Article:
This essay is the first of a series of articles about my experiences as a black, Jewish, American, Israeli. This will be an exclusive “memoir” published on the “Times of Israel”.
I was born and raised in East Long Beach, California which is considered an inner-city ghetto or “hood”. While I was a law student, I converted to both Reform and Orthodox Judaism. I then moved to Israel for nearly six years where I served in the Israel Defense Forces. After 9/11, I served in the United States Army.
I have struggled to combine my African American traditions with my Jewish traditions. For guidance, I read Rebecca Walker’s “Black, White, & Jewish: Autobiography of a Shifting Self”. In addition, I met with Ethiopian Jews to talk about their traditions, culture, and history. I wanted to understand the “black-Jewish” experience.
My earliest memory growing up in the “hood” in California is eating free government cheese. In the 1970’s and 1980’s, the US government distributed free cheese to needy communities. We stood in line to collect bricks of cheese in tan boxes. My mother cooked Mexican-style quesadillas, nachos, and enchiladas with the free government cheese.
I also remember using paper “food stamps” which were given by the government to poor and struggling families. Some people felt somewhat “humiliated” to use the food stamps to purchase food. However, I enjoyed using the food stamps. I didn’t feel inferior because we were poor. Instead, I enjoyed life in our urban American shtetl.
The most vivid memory of life in the American ghetto was eating the “ghetto candy” and snacks that were sold in local stores such as: Now & Laters, Jolly Ranchers, Blow Pops, Red Hots, Johnny Apple Treats, Alexander the Grape, Funyuns, Cheetos, Doritos, and Sugar Babies. I ruined my teeth by eating candy and taffy all the time.
When I moved to Israel and enlisted in the IDF, I enjoyed visiting the Shekem store on base to buy Israeli snacks such as Bomba and Bissli. Moreover, I enjoyed eating Falafel and Shawarma from local stores and street venders.
The Israeli music I listened to was very different from the music of the American ghetto. While in Israel, I loved: Aviv Geffen, Rita, Eyal Golan, Shiri Maimon, Shlomo Artzi, Shalom Hanoch, Yehudit Ravitz, Yehoram Gaon, Boaz Sharabi, Ninet Tayeb, Mashinah, HaYehudim, Teapaks, and Stella Maris.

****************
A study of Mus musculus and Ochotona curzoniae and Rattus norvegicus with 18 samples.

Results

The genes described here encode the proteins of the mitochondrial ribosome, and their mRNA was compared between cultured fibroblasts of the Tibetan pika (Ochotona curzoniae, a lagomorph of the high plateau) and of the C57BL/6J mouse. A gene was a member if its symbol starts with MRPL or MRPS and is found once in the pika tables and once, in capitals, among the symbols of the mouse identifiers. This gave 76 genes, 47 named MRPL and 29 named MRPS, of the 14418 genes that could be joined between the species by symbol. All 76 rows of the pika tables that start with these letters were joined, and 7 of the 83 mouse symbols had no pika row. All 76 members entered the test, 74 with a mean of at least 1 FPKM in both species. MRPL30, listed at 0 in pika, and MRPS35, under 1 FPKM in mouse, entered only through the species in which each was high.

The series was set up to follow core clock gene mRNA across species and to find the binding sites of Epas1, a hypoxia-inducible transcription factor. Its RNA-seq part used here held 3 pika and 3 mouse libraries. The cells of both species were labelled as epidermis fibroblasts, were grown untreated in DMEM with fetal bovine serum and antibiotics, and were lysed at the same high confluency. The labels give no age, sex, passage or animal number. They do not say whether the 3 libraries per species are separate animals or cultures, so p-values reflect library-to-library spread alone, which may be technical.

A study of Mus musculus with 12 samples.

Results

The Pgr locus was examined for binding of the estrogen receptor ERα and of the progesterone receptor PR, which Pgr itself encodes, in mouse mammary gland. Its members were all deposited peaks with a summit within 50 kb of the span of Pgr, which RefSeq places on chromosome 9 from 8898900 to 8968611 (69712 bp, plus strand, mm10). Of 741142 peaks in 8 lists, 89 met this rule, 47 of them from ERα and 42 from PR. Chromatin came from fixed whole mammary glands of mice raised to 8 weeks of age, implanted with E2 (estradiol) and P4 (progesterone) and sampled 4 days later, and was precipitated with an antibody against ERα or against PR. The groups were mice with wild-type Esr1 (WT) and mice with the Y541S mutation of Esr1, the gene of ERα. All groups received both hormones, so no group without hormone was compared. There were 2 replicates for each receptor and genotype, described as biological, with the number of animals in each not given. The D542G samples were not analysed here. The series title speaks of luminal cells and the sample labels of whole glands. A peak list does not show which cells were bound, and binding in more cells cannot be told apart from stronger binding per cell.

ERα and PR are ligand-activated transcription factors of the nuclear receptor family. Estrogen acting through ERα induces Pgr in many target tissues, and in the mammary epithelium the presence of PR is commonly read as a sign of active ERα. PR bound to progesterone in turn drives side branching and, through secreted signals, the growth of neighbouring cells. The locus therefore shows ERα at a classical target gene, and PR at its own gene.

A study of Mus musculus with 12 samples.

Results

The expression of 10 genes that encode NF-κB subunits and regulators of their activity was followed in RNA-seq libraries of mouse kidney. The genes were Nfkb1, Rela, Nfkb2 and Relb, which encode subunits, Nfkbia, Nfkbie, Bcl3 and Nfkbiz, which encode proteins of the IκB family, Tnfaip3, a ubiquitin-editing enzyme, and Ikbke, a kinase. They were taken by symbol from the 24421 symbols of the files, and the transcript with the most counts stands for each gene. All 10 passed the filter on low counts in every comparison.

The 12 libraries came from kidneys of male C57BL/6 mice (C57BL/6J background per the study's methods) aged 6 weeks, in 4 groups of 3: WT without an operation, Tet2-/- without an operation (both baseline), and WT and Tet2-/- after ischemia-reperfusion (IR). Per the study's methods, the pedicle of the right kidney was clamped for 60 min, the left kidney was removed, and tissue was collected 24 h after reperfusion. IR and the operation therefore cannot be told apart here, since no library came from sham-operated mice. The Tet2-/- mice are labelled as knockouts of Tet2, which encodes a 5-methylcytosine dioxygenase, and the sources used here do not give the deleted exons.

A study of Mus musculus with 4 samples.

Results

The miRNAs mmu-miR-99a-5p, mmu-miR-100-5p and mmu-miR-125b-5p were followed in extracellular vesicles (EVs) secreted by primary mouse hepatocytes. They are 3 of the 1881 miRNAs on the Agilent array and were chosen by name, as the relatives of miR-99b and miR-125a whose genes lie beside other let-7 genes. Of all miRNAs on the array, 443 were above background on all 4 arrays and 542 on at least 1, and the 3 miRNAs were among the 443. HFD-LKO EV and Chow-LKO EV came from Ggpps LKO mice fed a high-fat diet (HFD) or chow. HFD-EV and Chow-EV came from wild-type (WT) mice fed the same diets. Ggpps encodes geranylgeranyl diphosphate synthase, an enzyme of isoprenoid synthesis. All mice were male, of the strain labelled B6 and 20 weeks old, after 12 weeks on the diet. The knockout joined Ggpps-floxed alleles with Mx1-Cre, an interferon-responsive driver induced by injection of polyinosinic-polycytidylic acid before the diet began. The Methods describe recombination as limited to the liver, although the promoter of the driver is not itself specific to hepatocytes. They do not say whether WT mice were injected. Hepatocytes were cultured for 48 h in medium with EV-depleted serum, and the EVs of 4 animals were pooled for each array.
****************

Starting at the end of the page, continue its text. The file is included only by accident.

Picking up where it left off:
However, in East Long Beach, I listened to: Run DMC, Beastie Boys, Kurtis Blow, Sugar Hill Gang, Grandmaster Flash, LL Cool J, JJ Fad, Salt n Peppa, Kool Moe Dee, Ice-T, NWA, Ice Cube, Eazy E, Afrika Bambaataa, and Roxanne Shante.
During my childhood, my friends and I would form a “Soul Train Line” which was two parallel lines of people featuring dancers moving down its center. “Soul Train” was a popular dance and music show.
While living in Israel, I also lived in a ghetto called Ramat Amidar between B’nai Brak and Ramat Gan. In the Israeli ghetto, I loved visiting the local falafel and shawarma shops and relaxing in Eli Cohen park. I also watched the first season of the Israeli show Kochav Nolad which was won by Ninet Tayeb.
While living near B’nai Brak, I visited each of the Hasidic communities in the town including: Vizhnitz, Satmar, Sanz Zhmigrod, Nadvorne, Bubov, Leilov, Belz, Ger, and others.
I enjoyed eating tasty cholent before Shabbat. I also enjoyed attending a Hasidic tisch after Shabbat featuring prominent Hasidic rebbes including the Vizhnitzer Rebbe Moshe Hager and the Viznitizer Rebbe Motti Hager.
As an African American Jew who is both American and Israeli, I feel that I belong to a “Third Culture”. My “Third Culture” is a mix of America and Israel, black culture and Jewish culture; however, this new culture is not purely Israeli nor purely American. I live in an “in between” Third Culture that lies somewhere between Israel and America.
Today, I listen to Jewish singers such as: Yaakov Shwekey, Avraham Fried, Benny Friedman, and Ohad Moskowitz. I also listen to urban artists such as: Drake, Lil Wayne, Chief Keef, Snoop Dog, Jay Z, Tupac Shakur, Biggie, 50 Cent, Meek Mill, Travis Scott, DaBaby, Lil Dirk, Juice Wrld, Pop Smoke, and Lil Baby.
I am a combination of both Israeli and American waves of identity, culture, traditions, and memories. My unifying principles are my love for the God of Israel and unconditional self-acceptance.
Welcome to my “Third Culture” which combines American identity, Israeli identity, Jewish identity, and African American identity. I hope to make a film/movie about this combined culture. Welcome to my world!